As they promised, Catalist/Yair Ghitza have now released their estimates of voter support by group for the 2018 election, with comparisons to previous elections back to 2008. They previously did the same thing for voter composition in 2018. So now we have both and it’s a great resource.
As I noted about Catalist’s earlier estimates of voter composition, these estimates of voter support differ substantially from those of the exit polls.That doesn’t necessarily mean we should just rely on the Catalist data and disregard everything else. Their methodology, while sound, has a lot of moving parts and is almost certainly not getting everything exactly right. Plus, they will be revising their 2018 estimates over time as more data becomes available. However, I do believe that, given the well-documented problems of the exit polls, it is quite plausible that the Catalist data are “righter” than the exits even if not exactly right.
There’s a lot in Ghitza’s report and even more in the spreadsheet the report links to. The report focuses on shifts from the 2016 Presidential to 2018 Congressional election, which seems appropriate under the current political circumstances. Here are some of the most intriguing shifts.
1. Young voters (18-29) supported Democrats by 44 points in 2018 up 18 points from 2016. Moreover, white young voters gave Democrats an impressive 26 point margin in 2018. For that matter, Democrats were also +9 on white voters 30-44. That means Democrats carried all white voters under 45 in 2018 and quite easily at that!
2. As other data sources suggest, Democrats carried white college voters in 2018 (+5) with a solid shift relative to 2016. Both white college women and men contributed to this shift but the largest contribution was by white college women. White noncollege voters, on the other hand, continued to be a problem at -26, only a slight improvement over the previous election.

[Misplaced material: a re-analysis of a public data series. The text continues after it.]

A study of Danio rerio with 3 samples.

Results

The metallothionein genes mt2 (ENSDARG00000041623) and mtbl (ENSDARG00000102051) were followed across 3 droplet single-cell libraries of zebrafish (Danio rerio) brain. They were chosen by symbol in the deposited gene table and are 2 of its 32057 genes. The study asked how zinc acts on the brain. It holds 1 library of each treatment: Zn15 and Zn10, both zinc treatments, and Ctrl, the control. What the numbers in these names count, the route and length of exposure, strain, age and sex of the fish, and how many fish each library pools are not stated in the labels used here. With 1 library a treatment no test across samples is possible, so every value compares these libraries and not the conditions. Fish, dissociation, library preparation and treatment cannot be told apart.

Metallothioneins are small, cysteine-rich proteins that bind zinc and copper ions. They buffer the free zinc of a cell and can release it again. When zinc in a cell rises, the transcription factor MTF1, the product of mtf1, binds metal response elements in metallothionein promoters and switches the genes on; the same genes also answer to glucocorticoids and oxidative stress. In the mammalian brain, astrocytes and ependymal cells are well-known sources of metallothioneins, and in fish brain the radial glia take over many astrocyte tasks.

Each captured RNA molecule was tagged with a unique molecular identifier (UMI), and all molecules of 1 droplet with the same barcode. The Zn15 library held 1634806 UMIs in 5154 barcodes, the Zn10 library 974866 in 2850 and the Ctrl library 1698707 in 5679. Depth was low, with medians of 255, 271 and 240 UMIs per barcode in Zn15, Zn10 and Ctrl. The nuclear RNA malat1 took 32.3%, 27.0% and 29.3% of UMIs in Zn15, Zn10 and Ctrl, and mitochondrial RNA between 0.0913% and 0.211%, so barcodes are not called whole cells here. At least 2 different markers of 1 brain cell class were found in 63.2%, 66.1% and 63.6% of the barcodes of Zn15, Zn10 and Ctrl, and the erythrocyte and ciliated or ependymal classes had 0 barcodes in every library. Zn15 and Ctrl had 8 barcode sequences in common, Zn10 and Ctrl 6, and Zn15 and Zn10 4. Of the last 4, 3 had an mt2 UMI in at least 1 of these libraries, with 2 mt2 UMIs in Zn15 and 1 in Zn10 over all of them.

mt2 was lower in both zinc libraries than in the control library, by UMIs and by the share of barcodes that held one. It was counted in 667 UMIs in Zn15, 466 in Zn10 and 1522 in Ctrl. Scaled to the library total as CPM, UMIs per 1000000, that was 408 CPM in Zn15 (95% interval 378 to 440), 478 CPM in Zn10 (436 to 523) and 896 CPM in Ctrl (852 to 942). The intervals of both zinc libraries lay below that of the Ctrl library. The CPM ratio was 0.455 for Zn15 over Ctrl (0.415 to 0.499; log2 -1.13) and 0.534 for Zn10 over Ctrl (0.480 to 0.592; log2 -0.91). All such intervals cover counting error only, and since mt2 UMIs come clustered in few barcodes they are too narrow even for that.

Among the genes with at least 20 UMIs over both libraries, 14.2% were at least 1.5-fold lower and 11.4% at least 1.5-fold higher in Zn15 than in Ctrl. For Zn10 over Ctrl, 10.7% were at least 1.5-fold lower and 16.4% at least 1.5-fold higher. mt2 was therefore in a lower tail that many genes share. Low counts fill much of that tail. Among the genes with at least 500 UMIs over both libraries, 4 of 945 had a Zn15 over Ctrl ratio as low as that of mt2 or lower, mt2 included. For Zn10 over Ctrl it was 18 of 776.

3. Among nonwhite groups, Asians showed the largest support gains for the Democrats. But, contrary to the exit polls, Hispanics showed a slight slippage in support.
4. Democrats carried suburban white college voters by 7 points, representing a strong 12 point shift over 2016 in the Democrats’ favor. This is more less as expected.
5. But by and large, the strongest shifts in the Democrats’ direction were within rural areas! Comparing overall urban vs. suburban vs. rural areas, the respective pro-Democratic shifts were 1, 5 and 7 points. You see roughly the same pattern when comparing urban whites vs. suburban whites vs. rural whites. You even see a 7 point shift toward the Democrats among white noncollege rural voters!
Even more amazing, the Catalist data show a 25 point shift toward the Democrats among rural 18-29 year olds and a 17 point shift among 30-44 year olds. Most mind-blowing of all, Democrats actually carried rural 18-29 year olds in 2018 by 8 points.
There’s something very interesting going on here!